The National Cancer Institute renews designation while CPRIT awards more than $10 million to center

 UT Health PSA: Social distancing is required to slow the COVID-19 pandemic
UT Health PSA: Social distancing is required to slow the COVID-19 pandemic

SAN ANTONIO – It has been a week of celebration at the Mays Cancer Center at UT Health in San Antonio. On Aug. 13, the National Cancer Institute renewed its designation of the Mays Cancer Center.

“It’s a tremendous validation of the efforts of many individuals to work together as a team to really care and focus on the cancer issues of San Antonio and South Texas,” Mays Cancer Center Director Dr. Ruben Mesa said. “We are the main academic center really tasked with caring for this region and community, and we’re really excited to meet that mandate.”

The National Cancer Institute designation means that the Mays Cancer Center is looked at as one of the top cancer research facilities in the nation. It is one of four in Texas to have an NCI-designation.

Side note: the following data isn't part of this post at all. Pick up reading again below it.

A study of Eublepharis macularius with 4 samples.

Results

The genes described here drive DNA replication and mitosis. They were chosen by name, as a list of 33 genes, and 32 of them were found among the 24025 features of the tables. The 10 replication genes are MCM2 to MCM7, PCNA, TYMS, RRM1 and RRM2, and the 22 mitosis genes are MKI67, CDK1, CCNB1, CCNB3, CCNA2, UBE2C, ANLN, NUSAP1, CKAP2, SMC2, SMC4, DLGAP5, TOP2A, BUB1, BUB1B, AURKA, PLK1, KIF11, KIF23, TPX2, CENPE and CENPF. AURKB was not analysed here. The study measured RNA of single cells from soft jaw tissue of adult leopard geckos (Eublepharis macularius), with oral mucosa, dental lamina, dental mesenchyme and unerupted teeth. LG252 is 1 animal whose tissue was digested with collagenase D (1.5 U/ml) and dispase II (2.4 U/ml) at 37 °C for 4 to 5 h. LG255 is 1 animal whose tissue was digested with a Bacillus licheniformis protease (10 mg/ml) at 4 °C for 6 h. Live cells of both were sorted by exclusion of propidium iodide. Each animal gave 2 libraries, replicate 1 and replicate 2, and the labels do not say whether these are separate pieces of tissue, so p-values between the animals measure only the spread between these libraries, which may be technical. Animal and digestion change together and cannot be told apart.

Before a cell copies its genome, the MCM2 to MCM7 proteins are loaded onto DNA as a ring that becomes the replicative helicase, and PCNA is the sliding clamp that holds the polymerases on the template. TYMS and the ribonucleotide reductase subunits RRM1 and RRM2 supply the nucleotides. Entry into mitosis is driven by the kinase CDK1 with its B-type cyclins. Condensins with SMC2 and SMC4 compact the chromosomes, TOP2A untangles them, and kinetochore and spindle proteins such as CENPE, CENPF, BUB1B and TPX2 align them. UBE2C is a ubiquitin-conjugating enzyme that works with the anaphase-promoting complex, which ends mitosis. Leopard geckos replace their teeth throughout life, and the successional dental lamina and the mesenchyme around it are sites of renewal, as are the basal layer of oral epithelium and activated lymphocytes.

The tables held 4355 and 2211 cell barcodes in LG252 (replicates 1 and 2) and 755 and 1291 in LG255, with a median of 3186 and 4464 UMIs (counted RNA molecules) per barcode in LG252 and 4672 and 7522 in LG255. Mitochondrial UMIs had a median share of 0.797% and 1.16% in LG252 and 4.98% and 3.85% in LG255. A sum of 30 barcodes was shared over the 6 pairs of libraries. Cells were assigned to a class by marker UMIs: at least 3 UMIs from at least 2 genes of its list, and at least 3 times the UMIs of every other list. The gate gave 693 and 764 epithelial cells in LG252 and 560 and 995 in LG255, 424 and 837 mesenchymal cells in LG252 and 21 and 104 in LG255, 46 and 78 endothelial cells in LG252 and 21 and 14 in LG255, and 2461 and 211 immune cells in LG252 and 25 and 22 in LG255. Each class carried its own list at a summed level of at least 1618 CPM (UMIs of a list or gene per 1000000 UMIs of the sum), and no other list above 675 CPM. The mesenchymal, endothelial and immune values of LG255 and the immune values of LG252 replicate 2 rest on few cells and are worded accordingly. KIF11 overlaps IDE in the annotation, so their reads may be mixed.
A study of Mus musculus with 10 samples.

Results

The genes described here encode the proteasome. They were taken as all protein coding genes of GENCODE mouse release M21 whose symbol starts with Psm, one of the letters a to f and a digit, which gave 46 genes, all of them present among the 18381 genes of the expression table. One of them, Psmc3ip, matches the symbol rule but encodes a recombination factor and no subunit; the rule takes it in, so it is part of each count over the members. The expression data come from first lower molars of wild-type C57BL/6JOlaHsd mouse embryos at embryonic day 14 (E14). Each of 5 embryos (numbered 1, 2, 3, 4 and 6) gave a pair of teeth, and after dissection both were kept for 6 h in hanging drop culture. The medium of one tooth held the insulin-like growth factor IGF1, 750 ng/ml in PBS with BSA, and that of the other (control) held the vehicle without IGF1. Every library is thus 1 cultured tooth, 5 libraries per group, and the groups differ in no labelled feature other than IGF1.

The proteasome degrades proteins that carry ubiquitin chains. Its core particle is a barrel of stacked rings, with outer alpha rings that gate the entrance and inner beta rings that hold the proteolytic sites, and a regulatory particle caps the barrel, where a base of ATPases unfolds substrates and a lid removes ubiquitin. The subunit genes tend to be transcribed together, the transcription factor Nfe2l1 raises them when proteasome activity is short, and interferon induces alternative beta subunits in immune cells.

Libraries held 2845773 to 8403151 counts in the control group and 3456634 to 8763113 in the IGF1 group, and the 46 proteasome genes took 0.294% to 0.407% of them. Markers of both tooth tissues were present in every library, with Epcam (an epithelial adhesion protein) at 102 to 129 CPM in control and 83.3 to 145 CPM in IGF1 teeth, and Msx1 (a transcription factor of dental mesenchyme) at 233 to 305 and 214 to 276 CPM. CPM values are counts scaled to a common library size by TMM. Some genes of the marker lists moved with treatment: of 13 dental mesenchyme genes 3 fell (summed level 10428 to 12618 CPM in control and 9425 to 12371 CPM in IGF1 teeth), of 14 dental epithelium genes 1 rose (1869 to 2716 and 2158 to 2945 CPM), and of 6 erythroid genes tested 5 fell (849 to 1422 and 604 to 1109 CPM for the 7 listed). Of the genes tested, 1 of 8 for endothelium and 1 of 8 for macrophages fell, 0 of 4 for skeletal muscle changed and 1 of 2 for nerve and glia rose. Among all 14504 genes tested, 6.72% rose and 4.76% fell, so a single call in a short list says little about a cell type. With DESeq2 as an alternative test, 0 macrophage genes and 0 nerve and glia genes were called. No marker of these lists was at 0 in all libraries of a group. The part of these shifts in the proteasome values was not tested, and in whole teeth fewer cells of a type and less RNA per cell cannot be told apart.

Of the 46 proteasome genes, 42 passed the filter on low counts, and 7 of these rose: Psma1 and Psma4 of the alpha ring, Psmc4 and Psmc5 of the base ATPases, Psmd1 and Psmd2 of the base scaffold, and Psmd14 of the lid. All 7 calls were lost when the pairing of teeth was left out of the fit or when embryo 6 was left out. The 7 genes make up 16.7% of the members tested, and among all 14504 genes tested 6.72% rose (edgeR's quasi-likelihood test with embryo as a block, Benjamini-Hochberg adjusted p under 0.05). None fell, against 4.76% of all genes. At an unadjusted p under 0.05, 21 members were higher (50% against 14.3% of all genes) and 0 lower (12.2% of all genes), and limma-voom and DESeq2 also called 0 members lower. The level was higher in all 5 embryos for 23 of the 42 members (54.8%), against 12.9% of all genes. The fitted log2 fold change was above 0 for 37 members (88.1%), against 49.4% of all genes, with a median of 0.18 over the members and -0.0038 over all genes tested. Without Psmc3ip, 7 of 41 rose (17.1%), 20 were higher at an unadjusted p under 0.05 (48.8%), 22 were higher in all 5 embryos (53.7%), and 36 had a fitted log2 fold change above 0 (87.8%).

“It has a huge impact for our community in terms of economic development, recruitment of physicians and scientists, and directly helps to decrease the burden of cancer here in San Antonio,” Mesa said.

More than $10 million dollars will go to the center as part of that designation.

The Mays Cancer Center was also awarded $10.3 million in grants from the Cancer Prevention and Research Institute of Texas. The grants will be used to bring in some of the top cancer researchers to work with local researchers on specific treatments. Among the researchers coming to San Antonio is Dr. Peng Zhou from the University of California at San Diego.

“She is focusing on key issues related to liver cancer,” Mesa said. “Liver cancer is very common here in San Antonio and South Texas. It’s a very serious problem so we’re really excited to have her join us and work with the research team to advance that.”

“We’re incredibly proud of those efforts and incredibly delighted to continue to work to decrease the burden of cancer not only in our community, but across the state of Texas and really around the world.”